When Does the ‘Affordable’ in the Affordable Care Act Kick In?


The Kaiser Family Foundation just released its annual survey of employer-sponsored coverage, finding that the average premium for family coverage increased 5 percent to $19,616.

To put that in perspective, the real median household income in 2017 was $61,372. Thus family health coverage costs nearly a third of the median family’s income.

But citing the average family premium of nearly $20,000, as high as that is, can be misleading. A small employer, especially a one with older-than-average employees, likely blew through $20,000 a few years ago. The premium for a couple in their 50s with a teenager can easily run $25,000. Bump that up by $4,000 or more for each additional child.

However, those outrageously high premiums would be even higher if employers and health insurers hadn’t taken a number of steps to contain the cost explosion by adjusting benefits and exposing employees to significantly higher out-of-pocket costs.

The Kaiser survey points out that since 2008, annual deductibles for covered workers have increased 212 percent — eight times the rate of inflation. And to think Democrats used to call high deductible coverage “junk insurance.” Yet, under ObamaCare deductibles have exploded.

Insurers are also taking steps to increase out-of-pocket spending in less-noticeable ways. For example, in years past insurers charged one copay for a generic drug, say $10, and a slightly higher copay for a brand name drug, say $25.

Then insurers moved to three copay tiers or more. The generic might still require a $10 copay, while some brand name drug copays could run between $25 and $250.

In addition, some insurers now require co-insurance of 20 percent to 40 percent of a drug’s cost for some of the newest and most expensive drugs. If a drug costs $5,000 a month — and some cancer drugs cost that much or more — 40 percent co-insurance could cost the patient several thousand dollars a month. And that comes on top of other health care-related expenses and premium costs.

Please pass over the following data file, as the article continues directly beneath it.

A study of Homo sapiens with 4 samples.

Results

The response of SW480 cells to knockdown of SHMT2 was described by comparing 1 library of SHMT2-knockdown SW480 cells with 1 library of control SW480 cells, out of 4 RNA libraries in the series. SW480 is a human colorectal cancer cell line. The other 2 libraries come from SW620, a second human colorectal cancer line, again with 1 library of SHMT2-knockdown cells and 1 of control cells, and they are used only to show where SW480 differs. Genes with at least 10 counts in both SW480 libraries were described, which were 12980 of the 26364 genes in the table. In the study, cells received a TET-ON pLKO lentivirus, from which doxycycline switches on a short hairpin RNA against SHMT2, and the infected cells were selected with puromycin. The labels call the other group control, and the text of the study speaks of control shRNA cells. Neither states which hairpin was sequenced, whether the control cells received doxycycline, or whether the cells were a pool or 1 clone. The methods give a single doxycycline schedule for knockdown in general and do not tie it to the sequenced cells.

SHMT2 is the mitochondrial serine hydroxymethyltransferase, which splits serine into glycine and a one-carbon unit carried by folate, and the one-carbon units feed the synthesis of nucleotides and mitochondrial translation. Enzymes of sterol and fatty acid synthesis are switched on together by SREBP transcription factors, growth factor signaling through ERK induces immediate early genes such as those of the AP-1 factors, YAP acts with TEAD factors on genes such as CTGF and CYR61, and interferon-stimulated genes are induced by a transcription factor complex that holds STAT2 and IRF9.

Imposing such high co-insurance rates on specific drugs has raised concerns that insurers were trying to discourage some of the sickest patients from enrolling in their plans. As Kaiser Health News noted a few years ago:

  • In 2016, Harvard Law School’s Center for Health Law and Policy Innovation filed complaints with the U.S. Department of Health and Human Services’ Office for Civil Rights alleging that health plans “offered by seven insurers in eight states are discriminatory because they don’t cover drugs that are essential to the treatment of HIV or require high out-of-pocket spending by patients for covered drugs.”
  • Consulting company Avalere Health found that several insurers’ silver plans had been adversely targeting some of the sickest populations with higher drug costs. “An analysis found that in the case of five classes of drugs that treat cancer, HIV and multiple sclerosis, fewer silver plans in 2016 placed all the drugs in the class in the top tier with the highest cost sharing or charged patients more than 40 percent of the cost for each drug in the class.” Pulling some of the most expensive drugs from the top tier was likely due to protests and threats of legal action. 

To be fair, insurers and employers felt they had to take steps in order to control their costs, otherwise premiums would likely have been even higher than they are.

Other factors are also playing a role in the premium increases. Hospital systems were consolidating prior to ObamaCare, but the ACA put that trend on steroids, enabling hospitals to demand higher reimbursements from insurers.

Consulting firm Kaufman Hall reported in January there were 115 hospital and health system mergers and acquisitions in 2017, up 13 percent from 2016, and the largest number in recent history. For comparison, there were 50 hospital M&A transitions in 2009, the year before ObamaCare passed.

Unfortunately, options for containing premium increases and coverage reductions are limited. The Trump administration is trying to provide as much insurer and state flexibility as possible under ObamaCare, but it’s unclear yet as to how much those efforts can achieve.

And there’s a new proposal, the Health Care Choices Proposal, backed by a number of health policy analysts. It seeks to block grant current federal health care spending on Medicaid and ObamaCare to the states along with some regulatory reductions.

Since Washington has done such a terrible job trying to make health insurance affordable, maybe it’s time to give the states a chance. How much worse could they do?